Co-directors Antonio Santini and Dan Sickles offer a poignant and celebratory look at the transgender community of Puerto Rico. The film follows sex-workers, business owners, LGBTQ advocates and drag performers on extremely personal journeys through their transitions, relationships and careers.
The one caveat to the film is that it seems to lump together the transgender community with the drag queen community. Though they no doubt share a connecting thread, members of one wouldn’t necessarily consider themselves a member of the other and vice versa. More of this crossover could have been examined with further inclusion of the character Carlos, who performs in drag as Queen Bee. Press notes reveal that members of Queen Bee’s drag house speculate that she may pursue transition, a detail notably missing from the film. Perhaps its addition would have further illuminated the potential connections between the two communities.
The most interesting character in Mala Mala is Soraya who at 65 is one of the first Puerto Ricans to have won the legal right to change her gender on her birth certificate. Soraya’s insights into gender dysphoria and her years of experiences offer hopeful outlook on the world of being trans that the other characters may not have yet deduced.
Virunga Park in the Democratic Republic of the Congo is Africa’s oldest national park, a UNESCO world heritage site and the last natural habitat for the critically endangered mountain gorilla. It also happens to be the staging ground for a mad land grab between appointed park officials, a British oil company by the name of SOCO International and the rebel mercenaries they’ve illegally hired to take over varying towns and parkland to further their drilling interests.
Orlando von Einsiedel’s documentary examines the crisis from the perspectives of Emmanuel de Merode, the Belgian park director whose mission is to protect the land, Roderigue Katemba, a former child soldier turned park ranger, and Melanie Gouby, a French journalist who secretly films SOCO employees saying atrociously racist things such as one’s suggestion that the only solution to ongoing troubles in Africa is re-colonization.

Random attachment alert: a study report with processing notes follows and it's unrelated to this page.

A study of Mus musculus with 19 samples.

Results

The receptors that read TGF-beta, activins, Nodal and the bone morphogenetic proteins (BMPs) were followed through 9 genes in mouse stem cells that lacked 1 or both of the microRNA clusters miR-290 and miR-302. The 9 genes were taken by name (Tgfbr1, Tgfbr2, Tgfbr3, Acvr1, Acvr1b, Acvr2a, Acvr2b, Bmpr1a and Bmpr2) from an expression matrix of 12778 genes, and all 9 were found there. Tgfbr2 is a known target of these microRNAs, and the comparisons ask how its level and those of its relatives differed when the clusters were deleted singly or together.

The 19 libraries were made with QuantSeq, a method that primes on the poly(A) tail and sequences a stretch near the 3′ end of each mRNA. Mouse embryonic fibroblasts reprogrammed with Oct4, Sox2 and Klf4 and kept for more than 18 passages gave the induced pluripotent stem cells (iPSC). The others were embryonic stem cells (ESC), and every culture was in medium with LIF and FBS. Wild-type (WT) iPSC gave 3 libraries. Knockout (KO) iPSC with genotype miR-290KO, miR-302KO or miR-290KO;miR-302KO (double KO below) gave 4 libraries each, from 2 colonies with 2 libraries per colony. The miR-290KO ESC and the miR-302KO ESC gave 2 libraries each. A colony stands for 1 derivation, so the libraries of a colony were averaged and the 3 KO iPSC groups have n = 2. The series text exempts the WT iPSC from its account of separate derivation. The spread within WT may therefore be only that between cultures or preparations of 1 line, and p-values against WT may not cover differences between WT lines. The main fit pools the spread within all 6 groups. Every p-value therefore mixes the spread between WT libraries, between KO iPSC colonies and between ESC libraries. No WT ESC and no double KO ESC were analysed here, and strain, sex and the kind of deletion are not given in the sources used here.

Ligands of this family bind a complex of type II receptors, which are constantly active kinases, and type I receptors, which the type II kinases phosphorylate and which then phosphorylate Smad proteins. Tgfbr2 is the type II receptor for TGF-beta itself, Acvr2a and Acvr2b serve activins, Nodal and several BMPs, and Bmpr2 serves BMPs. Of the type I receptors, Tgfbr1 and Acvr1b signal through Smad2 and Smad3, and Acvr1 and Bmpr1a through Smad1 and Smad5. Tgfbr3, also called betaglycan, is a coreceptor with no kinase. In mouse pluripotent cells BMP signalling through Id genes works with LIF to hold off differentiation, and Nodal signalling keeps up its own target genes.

In the midst of their fight against corporate greed sits Andre Bauma, the gentle caregiver of the Senkwekwe Orphan Gorilla Center inside the park. Through the eyes of his juvenile gorillas the film shows us the results of hundreds of years of European and American influence in the region, and the outcome of ongoing greed for more fossil fuels and rare minerals that run our laptops and smart phones. It is a saddening look at the environmental consequences of corporate expansion and the innocent lives and creatures lost because of money. That Merode was the victim of an assassination attempt by rebel factions days before Tribeca began and SOCO began its seismic testing in Virunga during the film’s screening makes the message that much more urgent.
A Brony Tale
Any documentary about fandom is going to specifically appeal to the members of said movement. For everyone else, the subject may be intriguing for a short while, but in the end just seems bizarre.
Brent Hodge’s A Brony Tale follows members of the Brony phenomenon, a community of adult, usually straight males with an intense love of the animated children’s television show My Little Pony: Friendship is Magic. Through their varying stories of enthusiasm is illuminated a whole new world of men who embrace rainbows, pony toys and messages of friendship. In the film, Ashleigh Ball, who provides the voices for the characters of Apple Jack and Rainbow Dash on the show, is invited to attend Bronycon in New York and as a result is hesitantly introduced to her fervent yet unexpected fan base.
A Brony Tale has a few too many random montages, and some of its subjects definitely register high on a creepy meter, but the film does provide an interesting look at our expectations of manliness, gender norms and comments on sexuality. There’s also an interesting theory that the Brony movement is the result of an ingrained desire for non-violent conflict resolution in post 9/11 America. One ex-military Brony, for example, who only just got back into art, uses his “My Little Pony” drawings as a way of dealing with PTSD. There’s something to be said for a massive movement that promotes kindness and friendship. Something that definitely includes today’s growing rejection of modern male stereotypes of toughness that we’ve had as a society for the past 100+ years.